Close Encounters of the Smart Kind

Intelligent material flow and the Internet of Things may be closer than you think.

By now, most of us probably agree the economy is recovering. Does this mean we'll see a return to business as usual?

Probably not, according to a new report from IDC Manufacturing Insights. In preparing its “Worldwide Supply Chain 2010 Top 10 Predictions” report, IDC compiled insights from technology vendors, consultants, academics and manufacturing end users and concluded that the global financial crisis has changed business operations forever. The glue holding IDC's predictions together is the idea that we're moving toward an “intelligent economy” — a world in which information is captured at the point of activity, communicated to business partners and analyzed to make decisions. IDC points to successful implementations of RFID, sensors and machine-to-machine (M2M) technology and predicts further adoption in 2010. ABI Research has similar projections for high-tech data collection, forecasting a 14% compound annual growth rate for RFID through 2014.

Applications for RFID are growing as fast as the technology itself, according to research consultancy IDTechEx. Over the years, RFID has evolved from tag communication to readers (first generation) to real-time locating systems (second generation), and then to third-generation, active RFID — tags that double as readers and interact with sensors in wireless (or “ubiquitous”) sensor networks.

Take it a step further, and you have the “Internet of Things” — a concept in which physical materials literally become information systems. Each “thing” has an identity, history and mission and can “think” using built-in logic.

A report released this month by global management consulting firm McKinsey & Co. outlines current applications for wireless networking, high-tech sensors and RFID. One is sensors that track RFID tags on products moving through supply chains. Another example is airplane manufacturers building airframes containing networked sensors that continuously send wear data to technicians' desktops, allowing for proactive maintenance and less unplanned downtime.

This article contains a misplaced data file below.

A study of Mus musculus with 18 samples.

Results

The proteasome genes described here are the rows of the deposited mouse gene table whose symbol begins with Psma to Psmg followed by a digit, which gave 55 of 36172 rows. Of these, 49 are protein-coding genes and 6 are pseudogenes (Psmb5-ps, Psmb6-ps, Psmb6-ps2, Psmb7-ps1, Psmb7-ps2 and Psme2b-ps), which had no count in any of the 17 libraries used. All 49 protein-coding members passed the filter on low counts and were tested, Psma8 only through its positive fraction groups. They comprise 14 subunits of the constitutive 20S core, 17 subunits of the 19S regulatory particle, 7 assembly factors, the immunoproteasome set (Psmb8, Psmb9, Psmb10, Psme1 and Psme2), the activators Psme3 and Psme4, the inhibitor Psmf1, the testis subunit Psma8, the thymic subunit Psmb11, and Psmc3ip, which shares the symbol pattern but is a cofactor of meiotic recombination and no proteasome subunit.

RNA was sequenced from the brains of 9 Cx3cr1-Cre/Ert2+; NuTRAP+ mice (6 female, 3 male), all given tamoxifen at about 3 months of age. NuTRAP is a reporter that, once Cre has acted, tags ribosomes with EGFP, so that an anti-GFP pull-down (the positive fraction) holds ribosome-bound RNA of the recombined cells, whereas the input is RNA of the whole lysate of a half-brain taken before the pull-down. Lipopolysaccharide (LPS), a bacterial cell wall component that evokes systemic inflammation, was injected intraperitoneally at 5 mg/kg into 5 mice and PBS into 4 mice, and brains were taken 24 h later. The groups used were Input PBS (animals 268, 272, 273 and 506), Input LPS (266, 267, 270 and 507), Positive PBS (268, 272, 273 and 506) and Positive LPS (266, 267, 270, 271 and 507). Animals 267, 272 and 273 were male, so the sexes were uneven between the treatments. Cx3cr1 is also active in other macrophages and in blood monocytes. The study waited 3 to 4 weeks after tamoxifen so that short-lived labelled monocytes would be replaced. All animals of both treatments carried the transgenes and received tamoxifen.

If you think this is too far out to impact material handling, think again. The concept was explored at the most recent International Material Handling Research Colloquium at the Fraunhofer Institute for Material Flow and Logistics (IML) in Germany. The Material Handling Industry of America's College Industry Council on Material Handling Education sponsors the colloquium every two years to encourage new ideas in material handling and logistics.

Dr. Michael ten Hompel, director of IML, explains that the Internet of Things allows for automated, flexible, decentralized control using RFID technology. Materials become intelligent and capable of communication.

“Parts, pallets and bins, as well as sets of data, will in the future find their way on their own, from production, to the customer and back again for recycling,” he says. “Things will talk to each other, coordinate themselves and independently ask for necessary resources. Things have an electronic identity and will be wirelessly connected with their environment on the basis of RFID technology.”

IML even created a “real-time logistics project” that supposedly proves all this is possible.

Still not convinced? Back in 2001, a professor at the University of California at Berkeley invented “smart dust” — wireless networks of devices (some measuring only a fifth of the length of a grain of rice) that can detect and communicate data about light, temperature, vibration and more. Last month, Hewlett-Packard announced a partnership with Shell Oil to develop smart dust. Tiny sensors will detect and transmit seismic data, allowing Shell to pinpoint pockets of oil over hundreds of miles of earth.

So, it took less than 10 years — less than a blink of an eye in historical terms — for a fanciful vision to become a real-world business application. If futurists are correct in saying technology progresses exponentially, you just might see an intelligent economy after your next blink.